Thursday, July 26, 2007

Raul Castro leads Cuban celebration, reaches out to US

Agence France Presse
Thu Jul 26, 3:04 PM ET

Cuba on Thursday offered to hold talks with the United States -- an overture quickly rejected by Washington -- as the communist country marked its first national holiday without ailing leader Fidel Castro.

Interim President Raul Castro led Cuba's national day festivities as his convalescing brother, who was last seen in public a year ago, missed the event for the first time -- a sign of communist island's transition taking root.

Raul Castro, 76, used his keynote address at National Rebellion Day festivities Thursday to extend an olive branch to Cuba's longtime nemesis.

Castro's offer however, was extended to whatever president succeeds US President George W. Bush following the November 2008 elections -- a sign that Havana did not anticipate a warm reception from the current White House.

"If the new US administration once and for all can set aside its overbearing nature and talk in a civilized fashion, that will be most welcome," he told thousands of Cubans at a rally marking the holiday.

If Washington persists with more than half a century of enmity, "we are prepared to continue a policy of confrontation for another 50 years if need be," Castro warned.

The Bush administration on Thursday quickly rejected Castro's offer of talks.

"The only real dialogue he needs is with the Cuban people," State Department spokesman Sean McCormack said.

"Unfortunately, that is not the dialogue that is taking place in Cuba at the moment," McCormack said.

Some analysts said Fidel's no-show at the politically charged event was a sign he is either unready to make a comeback, or has unofficially bowed out.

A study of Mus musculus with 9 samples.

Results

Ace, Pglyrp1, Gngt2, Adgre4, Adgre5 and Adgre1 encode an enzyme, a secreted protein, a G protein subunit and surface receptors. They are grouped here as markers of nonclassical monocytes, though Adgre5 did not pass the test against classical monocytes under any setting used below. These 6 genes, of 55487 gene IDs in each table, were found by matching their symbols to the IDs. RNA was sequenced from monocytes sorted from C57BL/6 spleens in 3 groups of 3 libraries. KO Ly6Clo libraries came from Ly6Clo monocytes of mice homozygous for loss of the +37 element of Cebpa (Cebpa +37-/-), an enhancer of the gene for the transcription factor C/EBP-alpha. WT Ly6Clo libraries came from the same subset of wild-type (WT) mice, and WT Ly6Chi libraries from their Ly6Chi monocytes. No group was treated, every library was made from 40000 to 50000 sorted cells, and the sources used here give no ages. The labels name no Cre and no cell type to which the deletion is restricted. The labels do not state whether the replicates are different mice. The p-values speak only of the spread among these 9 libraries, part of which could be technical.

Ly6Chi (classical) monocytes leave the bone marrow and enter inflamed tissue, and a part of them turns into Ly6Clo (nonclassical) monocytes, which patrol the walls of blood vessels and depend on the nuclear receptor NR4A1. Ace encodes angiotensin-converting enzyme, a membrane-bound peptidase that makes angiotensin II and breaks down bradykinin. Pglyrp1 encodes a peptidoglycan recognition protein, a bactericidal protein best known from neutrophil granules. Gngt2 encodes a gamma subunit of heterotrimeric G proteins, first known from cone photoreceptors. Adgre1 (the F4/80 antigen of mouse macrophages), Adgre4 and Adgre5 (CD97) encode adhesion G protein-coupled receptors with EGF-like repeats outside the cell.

"I think this is one more step in the institutional cementing of the succession from Fidel Castro to Raul Castro a year ago," said moderate opposition activist Manuel Cuesta.

Before some 100,000 people, Raul Castro presided over the ceremonies marking the 54th anniversary of the assault on the Moncada barracks in the city of Santiago in 1953 -- a turning point in the struggle to overthrow US-backed dictator Fulgencio Batista.

Fidel Castro officially handed power to his brother Raul, the defense minister, on July 31, 2006 -- four days after undergoing a gastro-intestinal operation -- and has only appeared in photographs and videos since.

Many Cubans had hoped that the aging revolutionary would appear at other recent national commemorations, but they had been cued by official media not to expect him to make an appearance at Thursday's events.

Fidel has found a new way to make his presence felt however, as he has voiced his opinion on world affairs and arch-foe the United States through a series of front-page editorials published in the communist daily Granma since late March.

Raul Castro meanwhile has shied away from cameras and the pulpit cherished by his older brother, carving his own discreet leadership style that contrasts sharply with his charismatic sibling, who has the gift of gab.

He has kept the Americas' only one-party communist system intact, crushing hopes among Cuban exiles in Miami that the government would collapse without the elder sibling at the helm.

The younger Castro, now a bespectacled granddad with a reputation as a tough hardliner but also a family man, recently suffered a personal tragedy as his wife, Vilma Espin, whom he met in the heat of the revolution, died last month.

Some analysts believe Raul Castro could open the economy, but so far no meaningful reform has been undertaken.

Thursday, Raul Castro also said economic reforms were being studied, and that new foreign investment would be considered -- as long as it respects Cuba's state-led model.

Cuban dissidents say nothing has changed under Raul Castro and that repression has even increased while the island remains in "political limbo."

The United States and Cuba do not have full diplomatic relations. The United States has had a trade embargo clamped on Havana for 45 years.